Originally Posted by Cary Grant
There are companies who see GMO as an effective way to better feed the masses but there are many who see it as better for their corporate bottom line and that's the wrong approach.
why should agriculture be different than other businesses? serious question.
with evidence mounting that GMO pollen is effing up bees in some circumstances, there's enough smoke already to make me wary.
there have been a lot of claims about this, but i haven't seen any evidence that has stood up to inspection. there are a lot of issues behind colony collapse disorder ... drought, pests, chemicals, overwork, supplemental feed, neonicotinoid pesticides ... probably all of them.
Originally Posted by Huntsman
1) I don't think that presumption is possible. I've never tasted seedless and seed-containing identical varieties of the same fruit, by definition, they would be different varieties, no?
No, not necessarily. In citrus, for example, most seedless fruit comes from varieties that are self-sterile, but which can be cross-pollinated quite easily by other citrus varieties, meaning there must be sufficient space between the plantings to prevent pollen from drifting. It's quite easy to find seedless and seeded examples of the same variety. Seedlessness is a varietal issue with some fruits, such as watermelons, where the fruits have been bred to have three sets of chromosomes, which prevents seed development.
Originally Posted by Huntsman
I just spent a week in Japan. I ate all manner of fruits and vegetables while there, and every specimen of every fruit or vegetable that I have had the equivalent in the U.S. blew its U.S. counterpart completely out of the water. This was, by me, completely unexpected. I never imagined
that a strawberry could have so many dimensions, I never imagined that an apple could have such perfume, or that an orange could be so rich.
and the acid is quite powerful, too, huh?
Clearly, the U.S. farming industry is prioritizing yield, longevity, resistance to drought and pests, availability, and other market values above quality. That is the legacy of breeding, GMO will probably only be worse because the system does not have what I care about at heart and can more easily get what it wants. I'm sure your retort will be that GMO can create cultivars with those properties as well as the flavors I desire. But that won't be what will happen; the primary essence of, say strawberry, will be isolated and amped up to eleven to make a hyper strawberry to appeal to the masses. The symphony that is the real flavor of strawberry will not be preserved -- this happens time and time again in the food industry. Vanillin is the classic example. It is so easy to flood the tastebuds with strong flavors that nuance is lost, and that's what I love. So I call bullshit on you. I could tell the strawberry below from any strawberry you can buy at a major grocery in the U.S. I could tell it by its perfume before I had even put it in my mouth.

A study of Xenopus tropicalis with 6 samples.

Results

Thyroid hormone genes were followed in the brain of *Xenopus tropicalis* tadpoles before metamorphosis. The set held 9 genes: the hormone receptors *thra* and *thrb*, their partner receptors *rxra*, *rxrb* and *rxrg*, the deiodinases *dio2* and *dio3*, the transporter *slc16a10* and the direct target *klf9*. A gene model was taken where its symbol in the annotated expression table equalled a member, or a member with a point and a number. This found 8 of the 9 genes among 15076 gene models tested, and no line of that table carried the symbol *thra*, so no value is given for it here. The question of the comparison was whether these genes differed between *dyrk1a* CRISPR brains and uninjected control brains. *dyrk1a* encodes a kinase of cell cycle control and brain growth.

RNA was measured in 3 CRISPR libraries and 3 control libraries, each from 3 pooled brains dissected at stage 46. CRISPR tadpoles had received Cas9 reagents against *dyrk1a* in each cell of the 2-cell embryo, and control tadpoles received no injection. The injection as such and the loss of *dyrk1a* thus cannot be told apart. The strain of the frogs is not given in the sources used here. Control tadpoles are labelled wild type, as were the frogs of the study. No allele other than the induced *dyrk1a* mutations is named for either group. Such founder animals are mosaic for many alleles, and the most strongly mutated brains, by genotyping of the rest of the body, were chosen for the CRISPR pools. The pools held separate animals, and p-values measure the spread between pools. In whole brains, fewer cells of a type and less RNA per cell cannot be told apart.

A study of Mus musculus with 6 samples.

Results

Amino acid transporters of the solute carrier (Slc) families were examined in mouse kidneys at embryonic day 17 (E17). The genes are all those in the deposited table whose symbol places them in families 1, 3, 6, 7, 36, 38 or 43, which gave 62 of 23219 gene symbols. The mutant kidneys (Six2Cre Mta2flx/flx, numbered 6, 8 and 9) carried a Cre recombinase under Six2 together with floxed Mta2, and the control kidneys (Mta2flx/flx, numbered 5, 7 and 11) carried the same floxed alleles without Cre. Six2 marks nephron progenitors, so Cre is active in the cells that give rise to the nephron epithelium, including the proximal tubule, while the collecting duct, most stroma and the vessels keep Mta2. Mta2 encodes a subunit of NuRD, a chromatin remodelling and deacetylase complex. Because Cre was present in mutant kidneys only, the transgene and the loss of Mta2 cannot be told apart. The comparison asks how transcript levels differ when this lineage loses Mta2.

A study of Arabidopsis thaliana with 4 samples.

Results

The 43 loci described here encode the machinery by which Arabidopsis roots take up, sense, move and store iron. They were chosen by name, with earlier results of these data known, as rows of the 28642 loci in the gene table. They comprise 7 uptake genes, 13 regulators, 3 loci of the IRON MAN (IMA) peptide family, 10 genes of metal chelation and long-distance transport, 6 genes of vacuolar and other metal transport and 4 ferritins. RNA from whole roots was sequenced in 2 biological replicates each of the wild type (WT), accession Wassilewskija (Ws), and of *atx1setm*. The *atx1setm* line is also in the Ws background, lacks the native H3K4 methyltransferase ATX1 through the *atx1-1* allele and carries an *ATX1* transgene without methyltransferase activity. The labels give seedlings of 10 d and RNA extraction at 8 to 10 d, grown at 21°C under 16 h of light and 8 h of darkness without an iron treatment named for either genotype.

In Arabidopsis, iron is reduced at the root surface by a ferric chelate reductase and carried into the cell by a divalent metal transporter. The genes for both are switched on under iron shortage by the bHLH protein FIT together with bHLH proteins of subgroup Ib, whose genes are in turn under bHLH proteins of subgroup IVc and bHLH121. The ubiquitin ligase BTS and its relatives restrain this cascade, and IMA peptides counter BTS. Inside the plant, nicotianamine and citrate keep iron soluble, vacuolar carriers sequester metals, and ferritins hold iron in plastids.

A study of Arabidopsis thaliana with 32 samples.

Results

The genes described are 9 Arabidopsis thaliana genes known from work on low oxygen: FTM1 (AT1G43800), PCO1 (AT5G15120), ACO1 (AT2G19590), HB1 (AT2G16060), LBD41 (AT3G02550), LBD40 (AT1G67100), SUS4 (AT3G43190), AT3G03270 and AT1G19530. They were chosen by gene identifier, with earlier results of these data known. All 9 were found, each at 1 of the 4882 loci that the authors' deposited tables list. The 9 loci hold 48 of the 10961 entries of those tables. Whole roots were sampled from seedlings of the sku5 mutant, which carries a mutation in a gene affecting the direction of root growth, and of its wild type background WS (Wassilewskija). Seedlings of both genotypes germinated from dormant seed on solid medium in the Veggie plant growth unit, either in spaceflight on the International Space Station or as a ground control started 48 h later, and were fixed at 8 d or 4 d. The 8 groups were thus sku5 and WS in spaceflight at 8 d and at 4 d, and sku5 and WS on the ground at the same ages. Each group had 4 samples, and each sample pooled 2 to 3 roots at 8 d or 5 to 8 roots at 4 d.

this is one of the essential arguments against GMO, but I don't find it valid because it's criticizing the way the technique is used rather than the technique itself. And, as goes with your strawberry example, Mendelian genetics hasn't done such a hot job either. The reality is, strawberries are supposed to be a very fragile 6-week fruit. You can look at the fact that we have berries all-year-round that can be shipped from California to New York as a good thing or a bad thing.
Originally Posted by Piobaire
This is starting to remind me of an old business motto that goes, "Cheap, fast, high quality. Pick which two you want." It seems much of GMO is trading off some positive attributes at the cost of others.
this is it exactly. we're very lucky that we live in a time when we have a choice: we can buy fruit that has great flavor (by picky shopping at farmers markets, etc.), and we can also buy fruit at a low enough cost that almost everyone can afford it. But it's really hard to have both in the same piece of fruit.